Former Dumbarton FC footballer Thomas (Tim) Dunion Whalen has died peacefully at his home in Newark, California, with his family by his side. He was 83.
Born in Dumbarton, Whalen was the son of Anne Dunion and Michael Whalen, who was employed at William Denny and Sons’ Leven shipyard in the town.
He spent the first 30 years of his life in Dumbarton, where he was educated at St Patrick’s High School and where he would meet the love of his life, Margaret Neeson Whalen, and go on to play professional football for Dumbarton FC. He was part of the Dumbarton team of the 1950s who became known as “The Nearly Men”.
This was because they frequently flattered only to deceive and, despite their often brilliant football, never won a cup or a league title.
The surviving Dumbarton supporters from that era still drool at the memory of the players of the day. Whalen was one of them, inside right to the legendary centre forward Hughie Gallacher, Dumbarton’s record goal scorer to this day with 205 goals to his credit.
Their team mates included players like John McColl, Tommy Craig, Leslie Brown, John Heaney and later Bertie Auld, who went on to win a European Cup medal with Celtic in 1967.
The fans still ask how Dumbarton did not win promotion at that time.
Several times it was within their grasp and they were drawing record crowds to Fatal Boghead, as the club’s stadium became known because visitors usually left defeated.
A cup-tie against Raith Rovers, captained by Scotland skipper Willie McNaught, on 3 March, 1957, attracted an official attendance of 18,001. However, those of us who squeezed on to the terracing, and other schoolboys who “jooked in” that day, reckoned there were more than 20,000 in the stadium.
According to the club’s official history, there was one occasion in January, 1956, when Sons’ fans claimed the team had intentionally lost 2-0 to St Johnstone.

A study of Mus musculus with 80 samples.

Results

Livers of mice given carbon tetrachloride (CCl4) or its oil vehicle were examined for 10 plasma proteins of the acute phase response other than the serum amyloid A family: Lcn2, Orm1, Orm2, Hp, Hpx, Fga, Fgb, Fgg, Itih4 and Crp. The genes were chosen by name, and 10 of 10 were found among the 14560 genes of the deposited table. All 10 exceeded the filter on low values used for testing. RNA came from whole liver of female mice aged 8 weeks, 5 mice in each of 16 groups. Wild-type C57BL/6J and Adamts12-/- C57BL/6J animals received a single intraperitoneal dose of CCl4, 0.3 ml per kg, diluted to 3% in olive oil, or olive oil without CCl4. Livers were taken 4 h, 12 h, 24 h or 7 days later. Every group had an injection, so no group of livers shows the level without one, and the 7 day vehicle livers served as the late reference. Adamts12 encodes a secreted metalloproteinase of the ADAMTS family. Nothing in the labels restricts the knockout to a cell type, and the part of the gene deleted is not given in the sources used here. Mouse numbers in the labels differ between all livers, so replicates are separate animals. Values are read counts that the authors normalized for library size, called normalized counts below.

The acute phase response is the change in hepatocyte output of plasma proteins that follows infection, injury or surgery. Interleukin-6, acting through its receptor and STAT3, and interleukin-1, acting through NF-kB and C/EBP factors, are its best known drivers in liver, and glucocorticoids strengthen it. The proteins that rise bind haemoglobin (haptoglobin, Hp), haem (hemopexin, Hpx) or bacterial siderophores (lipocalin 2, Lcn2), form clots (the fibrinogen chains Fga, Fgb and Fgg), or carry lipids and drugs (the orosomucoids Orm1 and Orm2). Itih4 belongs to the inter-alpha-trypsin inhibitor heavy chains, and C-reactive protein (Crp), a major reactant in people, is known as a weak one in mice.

In response, at the end of the season, the board offered a trip to the USA, home of chairman James T Fitzgerald, if promotion was won the following season.
Fitzgerald, who was the manufacturing director of Burroughs Machines Limited at Strathleven Industrial Estate in Dumbarton, had been influential in getting all the Dumbarton players jobs at the Burroughs adding machine factory.
Whalen was one of those who took advantage of the offer and became a highly skilled toolmaker.
Despite the fact that 101 goals were scored by Sons the following season – many of them “laid on” by Whalen for Gallacher and company – the club once again failed to win promotion, coming only ninth in the league.
Whalen was no slouch himself when it came to putting the ball in the net and once scored four goals in a 6-1 drubbing of East Stirlingshire.
In 1961, disappointed that the America trip bonus had not come his way, Whalen moved to San Francisco with his wife, Margaret, and their three children, Thomas, Patricia and Caroline.
Whalen continued his professional football career successfully with the San Francisco Scots, where he continued to lay on and score goals for his team.
Described at his funeral service in Fremont Memorial Chapel as a hard-working, dedicated man, Whalen spent more than 10 years as a tool and die maker at Lenkurt, before settling at United Airlines, where he worked as a machinist for 20 years. He was described as having “a life defined by his generous, caring and compassionate spirit”.
He was a fun-loving person who will be missed dearly by all his friends and family, but remembered forever for his warm and jovial nature. He is survived by his wife of 60 years, Margaret Neeson Whalen, son Thomas, daughters Patricia and Caroline, grandchildren, Ryan, Chris, Sean, Erin, Laura, Julia, Erica and Mollie, and seven great-grandchildren, as well as his sisters Mary McMillan, Helen Robb and Margaret Whalen.